Effusion



1. the flow of a gas through a small aperture under pressure, esp when the density is such that the mean distance between molecules is large compared to the diameter of the aperture
2. Med
a. the escape of blood or other fluid into a body cavity or tissue
b. the fluid that has escaped
Collins Discovery Encyclopedia, 1st edition © HarperCollins Publishers 2005
The following article is from The Great Soviet Encyclopedia (1979). It might be outdated or ideologically biased.

Effusion

 

the slow leakage of gas through a small aperture. Two cases of effusion are distinguished. In the first case, the diameter of the opening is small compared with the mean free path of the molecules (the pressure in the vessel is very low). In such a case, molecular effusion occurs in which collisions between molecules play no part, and the overall volume of gas escaping per unit time is Effusion, where S is the area of the aperture, μ is the molecular mass of the gas, R is the universal gas constant, T is the absolute temperature of the gas, and p1 and p2 are the gas pressures on the two sides of the aperture. The effusion method of measuring very low pressures (about 10–3–10–4 mm Hg) is based on this case.

In the second case, where the gas pressure is so high that the mean free path is smaller than the diameter of the aperture, the leakage of gas obeys the laws of hydrodynamics. The molecules escape from the aperture in the form of a jet, and the volume of gas discharged per unit time is inversely proportional to the square root of the density of the gas. This law underlies a method of determining the density of gases from the time of their discharge through small apertures (0.10–0.01 mm). However, if the pressure within the vessel is considerably greater than the external pressure, the amount of gas escaping is proportional to the pressure in the vessel.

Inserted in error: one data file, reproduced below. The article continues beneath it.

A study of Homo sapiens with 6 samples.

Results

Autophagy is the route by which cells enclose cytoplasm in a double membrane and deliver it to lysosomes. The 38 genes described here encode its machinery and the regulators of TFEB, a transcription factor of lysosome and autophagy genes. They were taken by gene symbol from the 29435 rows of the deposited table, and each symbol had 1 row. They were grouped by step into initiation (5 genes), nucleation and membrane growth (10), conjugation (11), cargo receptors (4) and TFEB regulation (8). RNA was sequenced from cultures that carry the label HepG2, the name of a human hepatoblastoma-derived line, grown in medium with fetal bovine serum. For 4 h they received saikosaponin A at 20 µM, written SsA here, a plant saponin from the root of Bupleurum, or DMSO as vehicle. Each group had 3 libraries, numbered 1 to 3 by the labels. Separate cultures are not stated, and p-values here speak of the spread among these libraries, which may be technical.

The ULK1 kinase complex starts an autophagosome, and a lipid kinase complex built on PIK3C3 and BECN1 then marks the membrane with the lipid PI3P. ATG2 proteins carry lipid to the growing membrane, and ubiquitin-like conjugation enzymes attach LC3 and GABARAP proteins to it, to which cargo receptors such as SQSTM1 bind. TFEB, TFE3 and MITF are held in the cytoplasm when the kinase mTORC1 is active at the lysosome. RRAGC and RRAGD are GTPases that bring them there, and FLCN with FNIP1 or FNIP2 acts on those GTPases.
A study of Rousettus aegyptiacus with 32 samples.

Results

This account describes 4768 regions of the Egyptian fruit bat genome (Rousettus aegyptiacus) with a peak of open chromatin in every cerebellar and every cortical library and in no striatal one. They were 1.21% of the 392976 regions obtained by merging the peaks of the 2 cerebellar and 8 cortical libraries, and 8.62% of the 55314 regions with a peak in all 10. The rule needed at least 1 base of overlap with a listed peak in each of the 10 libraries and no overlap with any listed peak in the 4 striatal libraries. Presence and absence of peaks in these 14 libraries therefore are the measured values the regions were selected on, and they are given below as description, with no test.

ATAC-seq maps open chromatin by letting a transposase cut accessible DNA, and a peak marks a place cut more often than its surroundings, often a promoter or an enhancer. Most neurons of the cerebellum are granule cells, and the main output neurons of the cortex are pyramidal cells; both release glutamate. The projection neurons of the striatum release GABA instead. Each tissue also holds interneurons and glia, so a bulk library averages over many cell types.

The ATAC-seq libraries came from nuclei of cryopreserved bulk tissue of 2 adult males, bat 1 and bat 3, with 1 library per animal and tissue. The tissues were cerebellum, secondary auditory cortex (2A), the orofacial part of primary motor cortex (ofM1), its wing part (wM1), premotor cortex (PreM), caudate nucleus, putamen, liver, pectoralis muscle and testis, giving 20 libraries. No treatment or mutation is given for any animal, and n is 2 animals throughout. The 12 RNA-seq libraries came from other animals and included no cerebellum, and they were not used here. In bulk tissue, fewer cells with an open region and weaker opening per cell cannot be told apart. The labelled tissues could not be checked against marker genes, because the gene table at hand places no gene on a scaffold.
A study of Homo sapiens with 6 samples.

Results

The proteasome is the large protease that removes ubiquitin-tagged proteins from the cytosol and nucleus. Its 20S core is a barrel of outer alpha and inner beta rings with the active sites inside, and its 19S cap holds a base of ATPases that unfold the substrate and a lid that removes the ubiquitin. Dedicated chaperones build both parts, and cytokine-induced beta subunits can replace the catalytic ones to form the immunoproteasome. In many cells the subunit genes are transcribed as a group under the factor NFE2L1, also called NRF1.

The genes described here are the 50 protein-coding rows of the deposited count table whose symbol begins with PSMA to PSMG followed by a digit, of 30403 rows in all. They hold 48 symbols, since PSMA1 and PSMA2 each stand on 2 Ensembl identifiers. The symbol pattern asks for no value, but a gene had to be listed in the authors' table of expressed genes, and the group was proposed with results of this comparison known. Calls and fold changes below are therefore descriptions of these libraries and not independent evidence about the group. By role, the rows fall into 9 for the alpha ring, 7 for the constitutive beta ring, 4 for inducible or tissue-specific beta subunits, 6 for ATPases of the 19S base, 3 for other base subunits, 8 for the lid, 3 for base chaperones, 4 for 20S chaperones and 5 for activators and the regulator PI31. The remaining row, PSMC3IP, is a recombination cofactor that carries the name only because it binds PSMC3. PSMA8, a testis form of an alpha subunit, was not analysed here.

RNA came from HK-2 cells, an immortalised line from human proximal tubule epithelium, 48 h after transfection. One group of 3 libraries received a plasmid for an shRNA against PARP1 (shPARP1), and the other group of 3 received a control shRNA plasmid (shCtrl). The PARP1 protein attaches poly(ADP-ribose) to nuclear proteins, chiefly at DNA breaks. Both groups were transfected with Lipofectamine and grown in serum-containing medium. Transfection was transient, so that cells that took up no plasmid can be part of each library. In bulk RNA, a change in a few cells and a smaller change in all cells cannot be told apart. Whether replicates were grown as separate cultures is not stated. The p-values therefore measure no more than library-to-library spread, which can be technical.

Effusion

 

the process of lava (magma) pouring out onto the earth’s surface. When the lava cools, effusive rocks are formed, bedded in the form of lava flows and lava sheets. Effusion, one of the manifestations of volcanic activity, is usually accompanied by an explosion, with discharges of small fragments (volcanic ash, sand, or tuff) or large chunks (volcanic bombs and slags). Viscous acidic lava sometimes will not flow, but rather is extended, forming volcanic domes.

The Great Soviet Encyclopedia, 3rd Edition (1970-1979). © 2010 The Gale Group, Inc. All rights reserved.

effusion

[e′fyü·zhən]
(medicine)
A pouring out of any fluid into a body cavity or tissue.
(physical chemistry)
The movement of a gas through an opening which is small as compared with the average distance which the gas molecules travel between collisions.
(science and technology)
The act or process of leaking or pouring out.
Any material that is effused.
McGraw-Hill Dictionary of Scientific & Technical Terms, 6E, Copyright © 2003 by The McGraw-Hill Companies, Inc.
On echocardiography, pericardial effusion surrounding the heart circumferentially with a wideness up to 1 cm was detected (Figure 1).
Whenever the effusion is rich in mesothelial cells or is suspicious for malignancy, the possibility of a MM should be explored by ancillary diagnostic measures.
The diagnosis of OME was based on the amber color of effusion fluid, the air-fluid level, air bubbles, or opacity of the tympanic membrane and B- or C-type tympanograms.